My near neighbour, several acres away, fears these Arabs are heading for him and will fill his fields with camels.
“And dates?” I said.
“This is serious, Mr Stan. We live in a crowded island,” said he, gazing at his lonesome acreage.
Of course it was Prince Giuseppe Tomasi di Lampedusa that I was, like all civilized men, reminded of.
A Little Old Lady enters the blog.
“Who the Christ is he, Mr Stan?” she asks.
“Why, Little Old Lady,” I say, “he is the author of the great modern Italian classic The Leopard.”
“About the Mafia? I love reading about people sleeping with the fishes.”
Lampedusa was born in Palermo, but he was an aristocrat. Fought in the First World War in the battle of Caporetto (see E.Hemingway’s A Farewell To Arms), was captured by the Austo-Hungarian Army but escaped from a POW camp in Hungary and got back to Italy.
Here ended his life of physical excitement. He travelled around Europe with his mother.
“That’s nice,” says the Little Old Lady.
Inspired by James Joyce’s Ulysses he planned to try a novel in which everything happened in one day.
“Everything happened in one night with me, Mr Stan,” says the Little Old Lady, “and you know, I’ve forgotten his name. Did Lampo marry?”
In 1932 in Riga in Latvia he married a Baltic German noblewoman, Alexandra Wolff von Stomersee.
“She wasn’t the girl next door,” the Little Old Lady says.
The Leopard is the tale of a Sicilian nobleman, Don Fabrizio Corbera, aka the Prince of Salina. This is during the Risorgimento. Don Fabrizio joins Giuseppe Garibaldi…”
“Like the biscuit?” asks the Little Old Lady.
The Leopard was turned down by two publishers and was only published after Lampedusa’s death in 1957 at the age of 60. The novel was attacked for being too like Tolstoy. Can you imagine that?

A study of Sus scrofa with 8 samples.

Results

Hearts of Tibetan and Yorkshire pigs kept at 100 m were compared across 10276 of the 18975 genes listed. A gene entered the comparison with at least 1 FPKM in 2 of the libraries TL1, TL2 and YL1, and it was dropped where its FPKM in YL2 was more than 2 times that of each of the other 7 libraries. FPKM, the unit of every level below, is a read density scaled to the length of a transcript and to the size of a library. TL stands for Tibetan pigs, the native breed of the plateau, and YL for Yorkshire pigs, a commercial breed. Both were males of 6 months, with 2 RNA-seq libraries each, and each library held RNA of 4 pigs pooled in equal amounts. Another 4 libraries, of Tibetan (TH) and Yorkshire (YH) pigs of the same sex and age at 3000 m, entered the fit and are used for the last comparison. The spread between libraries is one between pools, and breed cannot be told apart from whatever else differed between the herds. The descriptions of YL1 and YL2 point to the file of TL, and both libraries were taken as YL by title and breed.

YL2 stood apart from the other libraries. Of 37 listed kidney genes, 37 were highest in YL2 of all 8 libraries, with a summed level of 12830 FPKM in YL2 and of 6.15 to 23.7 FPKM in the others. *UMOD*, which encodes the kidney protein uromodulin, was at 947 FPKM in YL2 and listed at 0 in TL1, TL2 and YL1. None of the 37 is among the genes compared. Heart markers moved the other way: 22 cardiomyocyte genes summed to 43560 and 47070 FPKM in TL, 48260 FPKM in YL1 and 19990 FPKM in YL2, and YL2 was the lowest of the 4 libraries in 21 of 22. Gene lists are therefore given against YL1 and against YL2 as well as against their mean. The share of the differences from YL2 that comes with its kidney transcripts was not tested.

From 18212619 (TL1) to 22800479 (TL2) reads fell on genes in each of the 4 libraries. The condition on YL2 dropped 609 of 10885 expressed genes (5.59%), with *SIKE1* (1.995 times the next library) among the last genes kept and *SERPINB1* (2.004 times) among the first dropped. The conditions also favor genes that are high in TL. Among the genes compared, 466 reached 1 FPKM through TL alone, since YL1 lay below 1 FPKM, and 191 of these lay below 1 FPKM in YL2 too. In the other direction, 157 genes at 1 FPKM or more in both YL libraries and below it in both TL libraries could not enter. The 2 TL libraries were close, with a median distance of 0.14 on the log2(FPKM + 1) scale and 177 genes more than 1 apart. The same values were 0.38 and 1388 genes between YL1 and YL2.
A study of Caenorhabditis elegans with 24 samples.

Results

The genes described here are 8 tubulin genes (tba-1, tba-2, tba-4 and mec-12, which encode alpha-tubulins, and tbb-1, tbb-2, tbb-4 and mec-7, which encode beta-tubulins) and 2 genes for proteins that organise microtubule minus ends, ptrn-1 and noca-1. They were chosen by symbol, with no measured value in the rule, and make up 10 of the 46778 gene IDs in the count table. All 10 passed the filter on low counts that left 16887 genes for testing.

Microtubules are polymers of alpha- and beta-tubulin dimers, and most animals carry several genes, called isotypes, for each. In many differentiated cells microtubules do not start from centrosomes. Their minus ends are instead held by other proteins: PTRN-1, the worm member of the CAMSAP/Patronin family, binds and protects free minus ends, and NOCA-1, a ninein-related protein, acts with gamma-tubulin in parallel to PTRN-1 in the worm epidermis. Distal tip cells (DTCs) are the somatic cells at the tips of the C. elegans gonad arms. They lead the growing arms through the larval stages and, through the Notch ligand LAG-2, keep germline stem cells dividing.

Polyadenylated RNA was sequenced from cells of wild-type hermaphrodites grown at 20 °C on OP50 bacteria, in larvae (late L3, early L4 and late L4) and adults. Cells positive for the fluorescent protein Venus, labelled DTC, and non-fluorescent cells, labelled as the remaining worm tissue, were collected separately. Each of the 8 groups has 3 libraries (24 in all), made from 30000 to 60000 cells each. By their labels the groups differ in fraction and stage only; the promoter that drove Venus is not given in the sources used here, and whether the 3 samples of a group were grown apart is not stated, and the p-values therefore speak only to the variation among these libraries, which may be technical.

“I can imagine plenty, Mr Stan, that’s all I do these days,” says the Little Old Lady.
Luckily Louis Aragon and E.M. Forster loved it. In 1963 Luchino Visconti made a film of The Leopard. This starred Burt Lancaster. Since seeing Burt batting his eyelashes like a boy on a Hollywood street corner looking for a night’s friendship in The Crimson Pirate, I was worried about this. But he was terrific in a terrific film, which also starred Alain Delon and Claudia Cardinale. Many big-brained intellectuals like me consider The Leopard one of the few movies that doesn’t play hell with the novel.
Which brings to mind that ridiculous travesty of Agatha Christie’s The Big Four shown last week on TV. The book was set in 1927 and delivers an old-fashioned murder mystery from the Golden Age. In the TV adaptation it is set just before World War Two, and is full of ridiculous twists and turns. Luckily I fell asleep. Agatha Christie doesn’t have a forest in Sweden dedicated to producing paper for reprinting her books to have silly ‘updated’ plotlines to make them more popular for television.
P.S. My deluxe Christmas thriller Murder In A Cold Climate , set in snowbound New England, has no Belgians with cardboard moustaches or half-crowns-up-the-ass walks in it.
“Isn’t he a Frenchman, Mr Stan? And what’s the difference? Also that should be a 50p up his ass. We must be up-to-date, Mr Stan.”